For locally-popular artists seeking even-wider audiences, at least, Every Place at Once is an experimental partial answer: an algorithmic semi-global explorer of the music distinctively popular in individual cities. That relies on a fair amount of listening signal to operate, though, and thus doesn't really answer the question about getting started. How do you get to be locally popular? How do you move from you playing your songs for friends to strangers listening to your songs of their own accord?  

I had been mostly ignoring this problem, having tried pushing the thresholds of Every Place at Once lower with results that were more worse than better, but periodically some new potential computational approach occurs to me. And usually also doesn't work. But this week, actually, one of these failed to fail as conclusively. It turns out that even at very low listening levels (on the order of tens of listeners, not even hundreds), if most of a song's listeners are in a single place, there's a pretty good chance that there's a reason for that. And, usefully, "That's where the band is from" turns out to be the most common one.  

So I made another thing. If artists with tens of fans are the scale where you might play house concerts, this thing is an attempt at algorithmic semi-global Hyperspace House Concerts.  

 

You can see pretty quickly that it's at least sometimes working: if you're listening to Harvard or MIT a cappella groups, you're probably in Cambridge. Mjangles is a rapper born in Ghana and raised in the Bronx, but he's currently a sophomore at Harvard. And even the music that isn't from Cambridge sometimes turns out to have interesting local stories. Jocelyn Hagen is a choral composer from North Dakota, but the week the list above was generated, her piece "Moon Goddess" was being rehearsed by a Harvard choir for an imminent concert. I didn't find as clear an explanation for André Caplet's similarly-lovely choral piece, but it was once performed by the Radcliffe Choral Society, so perhaps it still lingers in the walls.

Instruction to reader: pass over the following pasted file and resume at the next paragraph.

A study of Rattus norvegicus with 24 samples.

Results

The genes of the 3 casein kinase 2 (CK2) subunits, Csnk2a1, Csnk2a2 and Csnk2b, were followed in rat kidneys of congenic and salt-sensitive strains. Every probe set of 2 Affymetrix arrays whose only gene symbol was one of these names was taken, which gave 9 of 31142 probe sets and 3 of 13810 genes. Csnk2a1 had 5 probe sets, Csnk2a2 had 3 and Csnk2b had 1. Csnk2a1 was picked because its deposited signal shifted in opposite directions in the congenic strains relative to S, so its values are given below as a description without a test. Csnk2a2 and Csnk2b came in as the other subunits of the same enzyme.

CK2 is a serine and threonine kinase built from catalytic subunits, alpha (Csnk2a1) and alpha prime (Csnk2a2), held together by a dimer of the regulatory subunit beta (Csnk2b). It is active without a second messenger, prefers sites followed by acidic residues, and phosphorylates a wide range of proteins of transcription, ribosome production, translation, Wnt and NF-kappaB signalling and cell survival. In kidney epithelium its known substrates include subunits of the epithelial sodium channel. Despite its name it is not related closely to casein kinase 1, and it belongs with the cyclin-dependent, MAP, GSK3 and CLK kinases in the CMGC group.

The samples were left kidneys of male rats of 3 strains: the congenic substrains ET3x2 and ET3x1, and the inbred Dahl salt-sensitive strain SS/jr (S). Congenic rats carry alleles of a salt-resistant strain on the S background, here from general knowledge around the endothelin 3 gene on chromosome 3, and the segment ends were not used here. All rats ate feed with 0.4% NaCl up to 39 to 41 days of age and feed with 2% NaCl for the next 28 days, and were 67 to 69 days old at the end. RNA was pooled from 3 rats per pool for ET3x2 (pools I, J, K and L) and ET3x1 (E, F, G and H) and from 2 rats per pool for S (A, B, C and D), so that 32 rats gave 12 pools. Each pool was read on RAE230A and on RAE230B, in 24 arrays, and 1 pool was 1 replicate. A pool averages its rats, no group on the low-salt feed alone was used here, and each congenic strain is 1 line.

And if some of this signal turns out to be noise, maybe that's OK. Sometimes the music in a place is coming out of the open windows of a passing car. And if 10 cars pass you blasting the same song, now it's part of your city.  

So poke around, listen, see what you can find. Start where you live, and then try some places where you don't. There are lists for 500+ cities around the world, automatically updated every week, and more will appear as listening allows. And your listening can be part of it, part of how music travels and how careers begin and how we all find out what we're like.